Media Advisory March 26, 2014

Consumers’ Right to Know:  Flame Retardants in Furniture


  • The state of California has found that flame retardant chemicals in furniture do not provide a meaningful fire safety benefit.

  • According to the Centers for Disease Control and Prevention (CDC), flame retardant chemicals can migrate into the air and dust, where people can be exposed to them.

  • Beginning this year, furniture manufacturers who sell their products in California are allowed to produce upholstered furniture that does not contain flame retardant chemicals and still provides adequate fire safety.

  • While the state’s new regulations no longer require manufacturers to use flame retardant chemicals, consumers will have no way of knowing if a piece of furniture does or does not contain flame retardant chemicals.

  • SB 1019, authored by Senator Mark Leno, D-San Francisco, will give California consumers the ability and freedom to make informed decisions when making furniture purchases.

  • The bill requires disclosure of the use or absence of flame retardant chemicals on a furniture product’s existing label. It also requires the information to be displayed near the retail point of purchase.

Consumer Right to Know

  • When purchasing furniture for their homes and families, California consumers want, and should have, the ability and freedom to make informed decisions.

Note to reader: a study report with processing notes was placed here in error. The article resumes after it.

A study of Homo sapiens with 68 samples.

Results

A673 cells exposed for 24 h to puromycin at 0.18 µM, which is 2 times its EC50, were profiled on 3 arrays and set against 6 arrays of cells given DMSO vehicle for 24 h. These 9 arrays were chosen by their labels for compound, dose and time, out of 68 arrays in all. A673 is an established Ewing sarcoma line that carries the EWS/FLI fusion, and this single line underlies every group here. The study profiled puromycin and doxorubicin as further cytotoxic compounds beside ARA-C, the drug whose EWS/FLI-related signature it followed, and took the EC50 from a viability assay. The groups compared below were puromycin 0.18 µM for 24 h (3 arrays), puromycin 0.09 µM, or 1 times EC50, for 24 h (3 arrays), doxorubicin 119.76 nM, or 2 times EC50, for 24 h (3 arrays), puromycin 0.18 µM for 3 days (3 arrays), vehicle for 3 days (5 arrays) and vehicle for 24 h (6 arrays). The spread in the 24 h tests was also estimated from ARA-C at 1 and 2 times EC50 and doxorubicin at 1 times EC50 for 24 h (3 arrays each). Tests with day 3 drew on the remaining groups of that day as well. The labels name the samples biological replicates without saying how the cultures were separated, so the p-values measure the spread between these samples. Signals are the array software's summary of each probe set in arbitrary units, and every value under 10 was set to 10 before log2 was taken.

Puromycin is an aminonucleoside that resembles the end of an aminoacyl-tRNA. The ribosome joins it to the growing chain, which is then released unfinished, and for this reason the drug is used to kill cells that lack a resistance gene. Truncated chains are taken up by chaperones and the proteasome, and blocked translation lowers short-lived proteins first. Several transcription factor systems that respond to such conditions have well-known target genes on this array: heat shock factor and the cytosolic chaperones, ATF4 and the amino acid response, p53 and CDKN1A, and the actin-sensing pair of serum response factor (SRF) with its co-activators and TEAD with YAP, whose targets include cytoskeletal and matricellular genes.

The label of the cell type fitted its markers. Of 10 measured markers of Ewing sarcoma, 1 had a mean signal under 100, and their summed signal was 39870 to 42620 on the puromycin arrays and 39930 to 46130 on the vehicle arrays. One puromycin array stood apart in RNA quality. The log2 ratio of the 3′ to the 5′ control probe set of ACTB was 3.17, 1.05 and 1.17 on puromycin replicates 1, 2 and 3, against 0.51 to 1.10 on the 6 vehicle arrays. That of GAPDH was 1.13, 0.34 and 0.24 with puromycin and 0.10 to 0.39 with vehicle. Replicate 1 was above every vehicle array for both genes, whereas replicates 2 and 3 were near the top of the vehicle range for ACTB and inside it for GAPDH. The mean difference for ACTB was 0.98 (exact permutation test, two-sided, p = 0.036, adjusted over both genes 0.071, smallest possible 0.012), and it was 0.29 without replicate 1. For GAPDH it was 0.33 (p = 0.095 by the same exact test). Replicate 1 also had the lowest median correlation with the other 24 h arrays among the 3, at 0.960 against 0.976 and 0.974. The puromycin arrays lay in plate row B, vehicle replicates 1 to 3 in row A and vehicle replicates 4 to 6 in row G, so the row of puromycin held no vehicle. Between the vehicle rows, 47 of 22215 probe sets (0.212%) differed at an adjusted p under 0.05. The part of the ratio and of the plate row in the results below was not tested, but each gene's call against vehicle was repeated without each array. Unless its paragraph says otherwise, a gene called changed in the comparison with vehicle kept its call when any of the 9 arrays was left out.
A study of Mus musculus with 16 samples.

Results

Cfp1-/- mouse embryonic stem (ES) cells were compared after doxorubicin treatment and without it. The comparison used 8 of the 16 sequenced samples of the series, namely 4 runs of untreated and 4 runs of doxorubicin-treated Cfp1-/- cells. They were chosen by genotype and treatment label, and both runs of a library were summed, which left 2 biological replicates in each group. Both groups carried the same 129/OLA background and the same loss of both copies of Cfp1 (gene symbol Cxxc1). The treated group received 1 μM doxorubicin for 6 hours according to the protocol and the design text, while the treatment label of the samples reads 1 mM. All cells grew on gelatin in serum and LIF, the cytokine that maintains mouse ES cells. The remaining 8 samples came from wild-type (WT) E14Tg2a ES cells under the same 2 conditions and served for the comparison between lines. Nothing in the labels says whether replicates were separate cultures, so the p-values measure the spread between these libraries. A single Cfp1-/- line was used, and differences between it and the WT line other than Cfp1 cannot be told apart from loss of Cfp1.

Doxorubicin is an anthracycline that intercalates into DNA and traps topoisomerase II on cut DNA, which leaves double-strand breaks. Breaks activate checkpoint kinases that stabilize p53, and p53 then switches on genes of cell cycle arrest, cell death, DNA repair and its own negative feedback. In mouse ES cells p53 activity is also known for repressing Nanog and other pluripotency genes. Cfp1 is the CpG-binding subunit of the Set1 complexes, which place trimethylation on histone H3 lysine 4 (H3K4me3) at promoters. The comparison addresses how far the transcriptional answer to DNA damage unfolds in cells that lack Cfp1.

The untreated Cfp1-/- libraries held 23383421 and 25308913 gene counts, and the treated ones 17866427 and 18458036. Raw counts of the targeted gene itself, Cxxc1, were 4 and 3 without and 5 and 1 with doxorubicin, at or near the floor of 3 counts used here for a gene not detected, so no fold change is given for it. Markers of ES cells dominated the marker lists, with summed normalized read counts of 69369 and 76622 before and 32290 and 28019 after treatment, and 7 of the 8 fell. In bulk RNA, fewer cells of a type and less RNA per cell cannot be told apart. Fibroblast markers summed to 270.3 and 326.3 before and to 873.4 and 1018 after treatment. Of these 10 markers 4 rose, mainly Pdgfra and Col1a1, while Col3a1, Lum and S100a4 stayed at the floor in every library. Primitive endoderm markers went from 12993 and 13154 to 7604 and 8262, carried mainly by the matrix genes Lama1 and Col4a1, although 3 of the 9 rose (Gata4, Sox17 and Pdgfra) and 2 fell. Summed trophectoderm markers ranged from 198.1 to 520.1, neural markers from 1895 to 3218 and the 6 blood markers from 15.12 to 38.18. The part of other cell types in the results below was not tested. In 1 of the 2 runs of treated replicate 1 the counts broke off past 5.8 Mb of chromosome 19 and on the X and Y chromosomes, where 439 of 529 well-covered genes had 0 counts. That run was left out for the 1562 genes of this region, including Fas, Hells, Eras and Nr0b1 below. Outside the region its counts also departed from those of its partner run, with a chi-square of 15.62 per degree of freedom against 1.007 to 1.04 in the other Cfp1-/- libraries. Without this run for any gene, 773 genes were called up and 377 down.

• The option of making an informed choice is especially crucial for upholstered furniture since the decision intimately affects a consumer’s living space for a long period of time and their family’s exposure to toxic and untested chemicals.

  • Consumers are increasingly demanding products that do not contain these chemicals. However, without this legislation, consumers would not know which furniture products sold in California do not contain flame retardant chemicals.

  • Disclosure of the flame retardant chemicals contained in consumer products serves the public’s interest, builds consumer confidence, and creates greater transparency in the marketplace.

  • Despite growing evidence concluding that flame retardant chemicals harm human health and do not provide a fire safety benefit, this bill would allow consumers to make the informed decisions to purchase products that do contain these chemicals.

Health Concerns

  • Flame retardant chemicals are associated with a variety of health concerns, including cancer, decreased fertility, hormone disruption, lower IQ and hyperactivity.

  • A growing body of evidence suggests that these chemicals harm both human health and the environment.

  • The presence of some flame retardant chemicals in a fire produces more toxic smoke and gases that put firefighters and other first responders in harm’s way. Protecting the men and women who risk their lives to protect public safety should be a top priority.

  • The California Professional Firefighters, the largest statewide organization dedicated to serving the needs of career firefighters, is one of the sponsors of SB 1019. CPF supports this legislation because flame retardants in furniture do not improve fire safety. Instead, they create hazardous by-products in fires that could harm the health of first responders.

Good for Business

  • Many furniture retailers want to help their customers make informed decisions by providing them information about flame retardant chemicals.

  • Labeling would result in negligible costs for producers and would provide businesses with a uniform way to communicate this important information to their consumers.

  • SB 1019 is supported by both small and large businesses.